ECONOMYNEXT - Sri Lanka's freedom of navigation initiative is to create a rules based mechanism where Indian Ocean littoral states and major users can discuss and resolve issues amid a changing world order, Prime Minister Ranil Wickremesinghe said.
"Sri Lanka's initiative on the freedom of navigation in the Indian Ocean is primarily aimed at maintaining a rules-based order," Prime Minister Wickremesinge said in Ha Noi, Vietnam.
"Our aim is not to draft a new code but initiate a process."
Wickremesinghe was addressing the third Indian Ocean Conference, which is backed by India and has Sri Lanka, Singapore and Bangladesh.
"China's economic expansion has led to a specific focus on the Indian Ocean," Wickremesinghe said.
"The Indian Ocean sea routes are vital to the economic interests of China.
"The USA has been in the Indian Ocean in Diego Garcia and has been a key stakeholder.
"A free and open Indian Ocean is vital to Japan and its economy. India is the territorial power, with a direct stake in the Indian Ocean."
The US and Japan is pushing for free and open navigation in the 'Indo-Pacific' region which runs from the US coast to India.
China is pushing a Belt and Road initiative. Wickremesinghe says small states bordering the Indian Ocean do not want world powers to dominated them.
"Security and economic challenges arise from both the complementary and competing interests of these large stakeholders as they interact with each other in the Indian Ocean region," he said.
"Littoral states especially the smaller states, oppose domination of the Indian Ocean by the Great Powers.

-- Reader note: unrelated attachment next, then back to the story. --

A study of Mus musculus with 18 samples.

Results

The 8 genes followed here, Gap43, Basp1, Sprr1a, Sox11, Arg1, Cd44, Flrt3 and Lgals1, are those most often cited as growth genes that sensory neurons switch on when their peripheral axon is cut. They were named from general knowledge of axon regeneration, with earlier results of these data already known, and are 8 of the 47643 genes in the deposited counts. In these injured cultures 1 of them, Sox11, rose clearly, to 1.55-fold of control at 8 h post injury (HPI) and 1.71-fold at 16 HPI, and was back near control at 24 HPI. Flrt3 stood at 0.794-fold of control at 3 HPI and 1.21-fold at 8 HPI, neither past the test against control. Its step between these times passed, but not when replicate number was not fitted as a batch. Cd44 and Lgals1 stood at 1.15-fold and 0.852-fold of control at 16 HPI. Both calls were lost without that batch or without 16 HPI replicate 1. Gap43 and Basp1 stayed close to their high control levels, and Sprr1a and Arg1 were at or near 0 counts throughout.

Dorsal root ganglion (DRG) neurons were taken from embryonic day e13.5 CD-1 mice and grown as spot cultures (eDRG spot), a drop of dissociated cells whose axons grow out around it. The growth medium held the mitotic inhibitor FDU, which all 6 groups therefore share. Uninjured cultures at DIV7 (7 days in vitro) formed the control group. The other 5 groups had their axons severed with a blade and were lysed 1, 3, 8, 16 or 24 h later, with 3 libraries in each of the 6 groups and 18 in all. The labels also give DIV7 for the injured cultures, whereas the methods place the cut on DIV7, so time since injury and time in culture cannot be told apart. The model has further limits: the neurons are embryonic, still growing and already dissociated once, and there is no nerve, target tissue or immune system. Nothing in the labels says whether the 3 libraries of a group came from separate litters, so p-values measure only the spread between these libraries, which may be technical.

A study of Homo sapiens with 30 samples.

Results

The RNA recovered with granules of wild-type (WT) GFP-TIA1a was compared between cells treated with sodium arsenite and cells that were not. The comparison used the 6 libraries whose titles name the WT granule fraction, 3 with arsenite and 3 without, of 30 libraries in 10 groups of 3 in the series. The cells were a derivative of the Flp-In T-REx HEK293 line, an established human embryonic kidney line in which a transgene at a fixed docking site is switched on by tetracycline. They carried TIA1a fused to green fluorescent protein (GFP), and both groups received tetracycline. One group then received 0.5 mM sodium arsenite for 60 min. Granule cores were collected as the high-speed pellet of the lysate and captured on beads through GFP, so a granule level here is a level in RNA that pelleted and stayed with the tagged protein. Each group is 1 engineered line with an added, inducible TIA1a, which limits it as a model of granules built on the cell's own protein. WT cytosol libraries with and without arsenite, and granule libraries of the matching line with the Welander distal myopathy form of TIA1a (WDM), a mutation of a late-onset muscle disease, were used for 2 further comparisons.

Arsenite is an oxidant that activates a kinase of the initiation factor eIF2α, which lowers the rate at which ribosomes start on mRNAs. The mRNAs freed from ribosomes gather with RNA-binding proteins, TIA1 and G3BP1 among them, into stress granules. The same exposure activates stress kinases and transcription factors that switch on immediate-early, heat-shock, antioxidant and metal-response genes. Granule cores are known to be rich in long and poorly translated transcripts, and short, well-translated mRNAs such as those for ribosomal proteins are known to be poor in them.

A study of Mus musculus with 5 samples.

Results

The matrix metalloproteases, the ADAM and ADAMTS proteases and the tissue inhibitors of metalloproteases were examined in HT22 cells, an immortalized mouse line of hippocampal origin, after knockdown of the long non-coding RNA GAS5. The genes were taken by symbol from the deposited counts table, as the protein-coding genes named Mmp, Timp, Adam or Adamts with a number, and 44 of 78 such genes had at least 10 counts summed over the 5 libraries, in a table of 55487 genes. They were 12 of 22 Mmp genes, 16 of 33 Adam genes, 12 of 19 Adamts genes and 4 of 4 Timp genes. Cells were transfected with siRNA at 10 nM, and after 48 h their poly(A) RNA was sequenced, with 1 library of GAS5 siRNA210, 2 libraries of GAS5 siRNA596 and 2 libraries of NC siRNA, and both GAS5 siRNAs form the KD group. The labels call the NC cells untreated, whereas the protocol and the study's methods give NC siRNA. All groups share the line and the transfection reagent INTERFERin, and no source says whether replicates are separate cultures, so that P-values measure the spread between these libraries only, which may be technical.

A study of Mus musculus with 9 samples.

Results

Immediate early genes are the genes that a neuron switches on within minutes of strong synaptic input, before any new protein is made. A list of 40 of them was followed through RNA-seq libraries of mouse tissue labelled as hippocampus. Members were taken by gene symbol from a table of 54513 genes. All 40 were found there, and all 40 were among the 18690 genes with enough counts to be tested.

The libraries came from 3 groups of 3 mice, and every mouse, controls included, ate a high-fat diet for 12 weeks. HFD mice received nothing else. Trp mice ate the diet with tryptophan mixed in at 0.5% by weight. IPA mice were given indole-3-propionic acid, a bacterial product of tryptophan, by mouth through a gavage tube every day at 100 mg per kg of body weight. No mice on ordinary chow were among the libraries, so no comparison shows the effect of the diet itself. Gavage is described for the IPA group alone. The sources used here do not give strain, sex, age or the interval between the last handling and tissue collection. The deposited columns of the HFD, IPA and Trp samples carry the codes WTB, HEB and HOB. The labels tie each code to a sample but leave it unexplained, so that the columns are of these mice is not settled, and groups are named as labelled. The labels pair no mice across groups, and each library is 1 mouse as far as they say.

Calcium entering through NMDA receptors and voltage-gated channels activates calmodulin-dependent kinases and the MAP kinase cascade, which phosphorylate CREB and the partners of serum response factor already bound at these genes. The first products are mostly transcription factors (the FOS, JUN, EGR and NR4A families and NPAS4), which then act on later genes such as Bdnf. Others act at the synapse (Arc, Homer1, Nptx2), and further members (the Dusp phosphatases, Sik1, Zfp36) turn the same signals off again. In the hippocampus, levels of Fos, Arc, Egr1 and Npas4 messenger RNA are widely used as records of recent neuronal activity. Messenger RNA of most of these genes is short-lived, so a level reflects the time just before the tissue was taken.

"Such states have an important role to play in managing great power competition."
Wickremesinghe said the building of military bases by great and middle powers was taking place in the Indo Pacific region.
Wickremesinghe said existing mechanism do not have the capacity to deal with current developments.
Analysts have also said there is a power vacuum with US President Donald Trump taking a nationalist line which is inward looking.
Meanwhile Wickremesinghe said Sri Lanka has in the past played a role in developing the United Nations Convention on the Law of the Sea (UNCLOS).
Sri Lanka planned to host a track 1.5 conference in Colombo and also a diplomatic conference in 2019 in a bid to speed up the initiative.
"Historical events have demonstrated that Sri Lanka's location can impact the security not only of the Indian Ocean but also other areas such as South East Asia, the Middle East and even the Pacific," he said.
Sri Lanka has leased a port to China for joint management in Hambantota and has said it will only be used for commercial activities.